2012 Top 100 LPs #56-53: Alt-J, Ariel Pink, Gaggle, Kevin Tihista
Published on December 12th, 2012 | Jonny Abrams
Yes, it’s…Rocksucker’s Top 100 Albums of 2012!
Rocksucker listened to a lot of albums this year and conferred varying degrees of merit (in quail form) upon them based on our own spurious criteria…
…and now we bring you our favourite hundred of them, counted down in order arbitrarily/for fun. By dint of mathematics (specifically 4 x 25), top spot shall be revealed on Christmas day. Now, let’s get crackling, and then cracking…
56. Ariel Pink’s Haunted Graffiti – Mature Themes
Spooky fairground psych may not be your cup of tea, but if anyone’s capable of winning you round it’s Mr Pink. Fuzzy, playful, tangential, occasionally jangly and/or serene, always melodic, Mature Themes makes its predecessor Before Today sound all the poppier in comparison, so perhaps we can expect Haunted Graffiti to make the of Montreal progression: that is, into sheer madness rather than mere dalliances with it. It’s about time someone wrote a song called “Schnitzel Boogie”, too. Here’s one of the album’s more lucid/less freaked-out moments…
55. Alt-J – An Awesome Wave
An awesome wave of hype (chortle) has sure surrounded this debut since it was nominated for and subsequently won the Mercury Prize, and it’s undeniably a breath of fresh air. A fine line between experimental and ‘too clever by half’ is trodden – mostly successfully – so it will be interesting to see where they go on album two. Flesh out the eccentricities and pop instincts in tandem and something truly special could result; let’s hope they don’t get too artsy fartsy about it, because goodness knows we get enough ‘difficult’, ‘atmospheric’ electro-pop records these days.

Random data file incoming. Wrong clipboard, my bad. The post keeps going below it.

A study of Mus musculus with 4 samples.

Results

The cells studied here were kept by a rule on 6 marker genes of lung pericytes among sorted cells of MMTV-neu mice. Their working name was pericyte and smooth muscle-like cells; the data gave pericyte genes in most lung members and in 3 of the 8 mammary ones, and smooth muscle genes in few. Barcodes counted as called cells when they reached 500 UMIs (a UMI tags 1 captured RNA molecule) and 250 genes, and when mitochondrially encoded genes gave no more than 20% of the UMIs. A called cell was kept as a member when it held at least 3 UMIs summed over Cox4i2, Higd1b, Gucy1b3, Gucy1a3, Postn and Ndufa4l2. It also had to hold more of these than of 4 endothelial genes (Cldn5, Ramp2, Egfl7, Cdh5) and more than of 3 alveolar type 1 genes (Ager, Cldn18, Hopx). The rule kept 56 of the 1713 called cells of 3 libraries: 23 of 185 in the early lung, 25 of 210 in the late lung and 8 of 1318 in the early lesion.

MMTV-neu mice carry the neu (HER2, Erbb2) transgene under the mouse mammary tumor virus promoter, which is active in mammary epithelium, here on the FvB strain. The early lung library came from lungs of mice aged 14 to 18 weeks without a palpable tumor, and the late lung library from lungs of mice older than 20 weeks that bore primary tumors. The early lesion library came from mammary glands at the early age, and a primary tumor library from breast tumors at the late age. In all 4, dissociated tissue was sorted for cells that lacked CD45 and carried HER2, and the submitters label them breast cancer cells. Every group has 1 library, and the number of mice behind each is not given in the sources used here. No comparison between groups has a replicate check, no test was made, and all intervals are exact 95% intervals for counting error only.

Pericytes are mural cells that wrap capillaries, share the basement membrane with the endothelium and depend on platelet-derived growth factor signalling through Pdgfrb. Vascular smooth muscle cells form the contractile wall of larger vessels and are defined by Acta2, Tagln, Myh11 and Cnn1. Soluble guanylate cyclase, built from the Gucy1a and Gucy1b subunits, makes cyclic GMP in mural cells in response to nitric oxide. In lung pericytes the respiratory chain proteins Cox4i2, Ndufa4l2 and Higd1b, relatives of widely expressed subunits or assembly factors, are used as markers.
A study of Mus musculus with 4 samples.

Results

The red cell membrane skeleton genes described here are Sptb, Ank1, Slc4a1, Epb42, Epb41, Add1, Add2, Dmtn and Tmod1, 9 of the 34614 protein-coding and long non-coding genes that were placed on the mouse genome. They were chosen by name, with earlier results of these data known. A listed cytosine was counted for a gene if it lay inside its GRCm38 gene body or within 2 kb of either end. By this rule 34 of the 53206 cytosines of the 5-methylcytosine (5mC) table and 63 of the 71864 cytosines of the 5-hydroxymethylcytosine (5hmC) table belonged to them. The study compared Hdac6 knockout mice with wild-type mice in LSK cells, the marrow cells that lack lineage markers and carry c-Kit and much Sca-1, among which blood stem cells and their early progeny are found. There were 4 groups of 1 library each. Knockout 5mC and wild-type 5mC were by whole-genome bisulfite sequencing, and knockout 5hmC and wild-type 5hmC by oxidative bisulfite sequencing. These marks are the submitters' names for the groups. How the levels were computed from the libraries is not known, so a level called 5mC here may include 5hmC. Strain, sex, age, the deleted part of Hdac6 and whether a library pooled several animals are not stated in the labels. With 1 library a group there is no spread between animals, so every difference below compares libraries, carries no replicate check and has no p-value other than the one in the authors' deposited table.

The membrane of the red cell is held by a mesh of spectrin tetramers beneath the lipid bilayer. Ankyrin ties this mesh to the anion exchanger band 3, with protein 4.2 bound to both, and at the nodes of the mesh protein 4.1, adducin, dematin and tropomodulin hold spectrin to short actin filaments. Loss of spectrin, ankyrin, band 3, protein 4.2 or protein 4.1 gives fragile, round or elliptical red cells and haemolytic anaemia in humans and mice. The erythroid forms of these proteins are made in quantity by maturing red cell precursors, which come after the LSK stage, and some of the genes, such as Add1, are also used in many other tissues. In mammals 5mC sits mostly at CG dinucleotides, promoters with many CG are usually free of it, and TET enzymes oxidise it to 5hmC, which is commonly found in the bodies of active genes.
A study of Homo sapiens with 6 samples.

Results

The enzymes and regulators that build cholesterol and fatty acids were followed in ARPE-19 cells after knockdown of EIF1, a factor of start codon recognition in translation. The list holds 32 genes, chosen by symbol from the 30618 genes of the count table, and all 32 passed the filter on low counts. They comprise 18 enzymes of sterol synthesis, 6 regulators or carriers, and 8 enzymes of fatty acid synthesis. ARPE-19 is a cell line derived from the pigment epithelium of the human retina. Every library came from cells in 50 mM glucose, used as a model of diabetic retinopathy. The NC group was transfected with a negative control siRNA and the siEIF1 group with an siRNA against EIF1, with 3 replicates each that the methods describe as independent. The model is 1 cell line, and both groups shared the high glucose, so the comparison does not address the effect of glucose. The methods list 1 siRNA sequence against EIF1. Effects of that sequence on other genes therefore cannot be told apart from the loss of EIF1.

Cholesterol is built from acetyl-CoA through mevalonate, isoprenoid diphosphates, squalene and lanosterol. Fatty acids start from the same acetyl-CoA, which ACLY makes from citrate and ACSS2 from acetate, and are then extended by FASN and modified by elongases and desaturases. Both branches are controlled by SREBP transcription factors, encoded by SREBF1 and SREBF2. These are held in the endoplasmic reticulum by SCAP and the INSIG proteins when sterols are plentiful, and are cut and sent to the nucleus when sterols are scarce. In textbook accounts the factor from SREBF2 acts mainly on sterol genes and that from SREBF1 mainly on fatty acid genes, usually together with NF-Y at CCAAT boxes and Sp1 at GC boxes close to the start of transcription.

54. Kevin Tihista’s Red Terror – On This Dark Street
Here’s a musical accompaniment not to be sniffed at: beginning a song with the lines “I’m sorry that I ripped the cover off your Jack Kerouac novel / But I had to blow my nose / I had to blow my nose” and still making it sound dark and tense. Tihista has a real knack a wry lyric but he skilfully avoids a gag-fest by aligning them with a set of gorgeously presented campfire-pop. Remember the geography teacher from Beavis and Butt-head? Well, stuff him full of musical talent, wilful contrariness and a devastating way with combining light and shade; and blammo, you’ve got this doozy of a record.
53. Gaggle – From the Mouth of the Cave
21-piece all-girl choir transcend own novelty by turning in a remarkable album that sounds something like a monastic, female Animal Collective being produced by Tune-Yards and Flaming Lips cohort Dave Fridmann. The very nature of this project is bound to attract opprobrium from purists, but Gaggle both demand that you open your mind and reward you for doing so.